New Orleans Tricentennial

New Orleans is making 300 this year, so we've been thinking about our city's past, present, and future. We asked:

1)    If you could get in a time machine, what moment in time would you go back to see? Why?

2)    If you could travel ahead in the future, what would you hope to see in New Orleans? Why?

We got far more great responses than could fit in the show.  Here are some of our favorites or you can check out a more comprehensive list here.

Eileen Fleming / WWNO

Officials from Orleans, France, wrapped up several days of events marking a sister city agreement with the city of New Orleans.  They attended the Joan of Arc parade over the weekend, as well as the official start of Carnival marked at Mardi Gras World.  The city designation coincides with the Louisiana city’s Tricentennial celebrations.

Library of Congress

In celebration of the city’s Tricentennial, NolaVie and New Orleans Historical bring you the series Who Did it Better: New Orleans Then and Now. In it, we look at aspects of the city’s history and their parallels in the present. Today we go to The Battle of New Orleans, in a segment we call Pirates and Nuns.

Patrick Melon / Melon the Scribe

On this week's edition of All Things New Orleans, we'll discuss the Tricentennial Neighborhood Grants with Scott Hutcheson, advisor to Mayor Mitch Landrieu for Cultural Economy.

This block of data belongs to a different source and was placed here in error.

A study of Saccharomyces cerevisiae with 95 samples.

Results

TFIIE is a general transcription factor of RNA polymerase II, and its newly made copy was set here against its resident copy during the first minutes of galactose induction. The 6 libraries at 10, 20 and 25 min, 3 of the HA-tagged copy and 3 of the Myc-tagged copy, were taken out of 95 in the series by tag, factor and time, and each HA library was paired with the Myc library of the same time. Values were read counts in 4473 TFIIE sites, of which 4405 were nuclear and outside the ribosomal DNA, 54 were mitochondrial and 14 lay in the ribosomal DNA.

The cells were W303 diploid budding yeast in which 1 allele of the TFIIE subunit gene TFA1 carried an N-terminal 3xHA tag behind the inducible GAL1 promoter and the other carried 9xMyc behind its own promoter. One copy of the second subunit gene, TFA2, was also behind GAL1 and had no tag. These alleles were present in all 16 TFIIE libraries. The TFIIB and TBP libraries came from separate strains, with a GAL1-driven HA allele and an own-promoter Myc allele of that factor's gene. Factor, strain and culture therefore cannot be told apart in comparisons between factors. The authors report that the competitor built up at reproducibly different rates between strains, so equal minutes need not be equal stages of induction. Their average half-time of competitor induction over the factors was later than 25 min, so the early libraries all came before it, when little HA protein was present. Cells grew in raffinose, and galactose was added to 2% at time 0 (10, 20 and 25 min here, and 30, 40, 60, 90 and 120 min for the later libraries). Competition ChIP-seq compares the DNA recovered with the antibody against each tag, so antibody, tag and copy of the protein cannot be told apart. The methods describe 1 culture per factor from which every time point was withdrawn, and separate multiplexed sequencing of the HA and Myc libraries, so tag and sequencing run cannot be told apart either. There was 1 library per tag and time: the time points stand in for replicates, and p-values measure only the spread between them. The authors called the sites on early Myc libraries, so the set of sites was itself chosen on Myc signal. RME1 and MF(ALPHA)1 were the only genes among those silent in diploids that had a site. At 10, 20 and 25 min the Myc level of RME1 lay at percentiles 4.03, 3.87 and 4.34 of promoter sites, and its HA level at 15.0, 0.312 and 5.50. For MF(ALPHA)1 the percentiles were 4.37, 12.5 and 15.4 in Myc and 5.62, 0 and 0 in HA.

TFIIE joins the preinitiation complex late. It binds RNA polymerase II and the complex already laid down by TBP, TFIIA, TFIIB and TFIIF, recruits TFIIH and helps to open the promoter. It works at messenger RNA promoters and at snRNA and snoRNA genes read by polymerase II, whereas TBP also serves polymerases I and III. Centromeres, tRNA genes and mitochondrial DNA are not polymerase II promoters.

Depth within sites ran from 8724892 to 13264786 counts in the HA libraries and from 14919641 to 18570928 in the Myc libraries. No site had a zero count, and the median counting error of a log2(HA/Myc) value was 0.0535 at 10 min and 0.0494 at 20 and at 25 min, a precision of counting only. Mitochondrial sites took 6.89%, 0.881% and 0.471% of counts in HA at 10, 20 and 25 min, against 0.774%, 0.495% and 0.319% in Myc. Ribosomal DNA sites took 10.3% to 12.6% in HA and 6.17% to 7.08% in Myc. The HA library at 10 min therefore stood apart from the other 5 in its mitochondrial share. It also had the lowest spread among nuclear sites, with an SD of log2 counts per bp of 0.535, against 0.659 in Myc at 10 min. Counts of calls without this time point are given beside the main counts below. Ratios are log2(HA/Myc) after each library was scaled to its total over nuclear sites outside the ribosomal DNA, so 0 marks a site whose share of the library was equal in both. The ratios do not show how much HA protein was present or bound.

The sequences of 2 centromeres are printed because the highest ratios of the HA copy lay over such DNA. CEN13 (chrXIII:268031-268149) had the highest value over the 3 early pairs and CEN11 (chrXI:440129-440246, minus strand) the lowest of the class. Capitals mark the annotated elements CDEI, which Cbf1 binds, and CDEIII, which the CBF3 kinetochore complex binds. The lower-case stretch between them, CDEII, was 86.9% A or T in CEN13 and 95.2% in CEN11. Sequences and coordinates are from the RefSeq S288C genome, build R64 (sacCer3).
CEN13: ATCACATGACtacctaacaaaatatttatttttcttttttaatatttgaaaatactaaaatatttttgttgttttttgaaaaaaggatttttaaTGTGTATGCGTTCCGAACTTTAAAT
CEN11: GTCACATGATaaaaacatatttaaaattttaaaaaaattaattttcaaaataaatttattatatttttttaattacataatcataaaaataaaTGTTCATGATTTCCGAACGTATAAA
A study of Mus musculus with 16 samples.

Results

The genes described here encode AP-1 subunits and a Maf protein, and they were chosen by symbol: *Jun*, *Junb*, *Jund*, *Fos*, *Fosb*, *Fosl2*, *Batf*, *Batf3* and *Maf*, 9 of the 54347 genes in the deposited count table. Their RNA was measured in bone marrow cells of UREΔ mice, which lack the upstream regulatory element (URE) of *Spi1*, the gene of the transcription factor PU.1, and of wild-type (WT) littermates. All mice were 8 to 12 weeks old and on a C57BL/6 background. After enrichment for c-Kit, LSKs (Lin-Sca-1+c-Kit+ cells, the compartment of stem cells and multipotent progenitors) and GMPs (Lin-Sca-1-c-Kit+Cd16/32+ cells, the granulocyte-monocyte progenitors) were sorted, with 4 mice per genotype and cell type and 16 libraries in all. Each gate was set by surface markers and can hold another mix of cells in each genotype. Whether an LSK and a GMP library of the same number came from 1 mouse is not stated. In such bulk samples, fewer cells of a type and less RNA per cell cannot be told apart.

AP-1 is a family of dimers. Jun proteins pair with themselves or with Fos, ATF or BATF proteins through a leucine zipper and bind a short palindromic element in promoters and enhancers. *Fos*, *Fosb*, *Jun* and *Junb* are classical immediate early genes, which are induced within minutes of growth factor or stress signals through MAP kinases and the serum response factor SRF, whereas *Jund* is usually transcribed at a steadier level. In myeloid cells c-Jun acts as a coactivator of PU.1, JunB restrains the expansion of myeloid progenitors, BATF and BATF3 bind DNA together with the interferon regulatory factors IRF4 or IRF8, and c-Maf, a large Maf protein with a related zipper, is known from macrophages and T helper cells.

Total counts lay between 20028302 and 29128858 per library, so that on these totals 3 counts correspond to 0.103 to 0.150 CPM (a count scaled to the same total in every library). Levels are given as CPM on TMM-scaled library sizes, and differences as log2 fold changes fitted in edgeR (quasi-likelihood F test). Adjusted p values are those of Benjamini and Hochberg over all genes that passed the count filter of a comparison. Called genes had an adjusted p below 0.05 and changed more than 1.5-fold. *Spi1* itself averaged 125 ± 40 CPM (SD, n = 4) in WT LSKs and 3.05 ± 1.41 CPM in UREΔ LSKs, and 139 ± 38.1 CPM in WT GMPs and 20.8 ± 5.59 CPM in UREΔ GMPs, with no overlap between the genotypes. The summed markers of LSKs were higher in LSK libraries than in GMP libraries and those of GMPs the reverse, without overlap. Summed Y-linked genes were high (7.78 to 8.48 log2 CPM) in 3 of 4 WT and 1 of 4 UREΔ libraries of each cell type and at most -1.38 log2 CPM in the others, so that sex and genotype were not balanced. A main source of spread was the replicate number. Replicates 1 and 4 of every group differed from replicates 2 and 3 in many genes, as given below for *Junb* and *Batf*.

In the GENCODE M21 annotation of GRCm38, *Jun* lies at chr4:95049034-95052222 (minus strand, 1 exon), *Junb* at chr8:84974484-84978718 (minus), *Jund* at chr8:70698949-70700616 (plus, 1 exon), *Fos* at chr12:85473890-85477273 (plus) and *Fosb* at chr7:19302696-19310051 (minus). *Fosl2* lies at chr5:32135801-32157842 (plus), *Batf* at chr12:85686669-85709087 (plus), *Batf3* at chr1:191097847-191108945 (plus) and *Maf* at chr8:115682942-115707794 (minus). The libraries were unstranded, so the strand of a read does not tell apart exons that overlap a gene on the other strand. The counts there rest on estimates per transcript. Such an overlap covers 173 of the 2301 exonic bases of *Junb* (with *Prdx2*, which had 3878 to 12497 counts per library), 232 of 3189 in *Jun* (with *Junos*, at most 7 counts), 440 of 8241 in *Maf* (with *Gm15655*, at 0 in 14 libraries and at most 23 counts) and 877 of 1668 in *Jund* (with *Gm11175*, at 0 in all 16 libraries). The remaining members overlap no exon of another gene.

Eileen Fleming / WWNO

The New Orleans home where French impressionist  Edgar Degas lived for a year in the 19th century has unveiled a statue of one of the artist’s most iconic images.  

Kim Coleman / Le Musee de F.P.C.

Le Musee de F.P.C, a historic house museum, is one of the country's fewest attractions dedicated to telling the stories of free people of color and preserving their material culture. Founder, Beverly McKenna, shares the importance of this museum's narrative as the city prepares for it's tricentennial in 2018. 

To find out more about the museum of free people of color, visit http://www.lemuseedefpc.com/footsteps/

Wally Gobetz / Flickr

New Orleans Mayor Mitch Landrieu plans to make racism and race relations constant touchstones as New Orleans prepares to celebrate its 300th anniversary in 2018, NOLA.com reports.

Landrieu announced a commission composed of eight planning committees will help plan the 2018 celebration of the founding of New Orleans. One of the eight committees will be called the "racial reconciliation" committee.

vxla / Flickr

The shuttered World Trade Center in New Orleans may be reborn as a luxury hotel and apartment complex. The 1960s-era building shaped like an X could be an anchor on the city’s refurbished riverfront.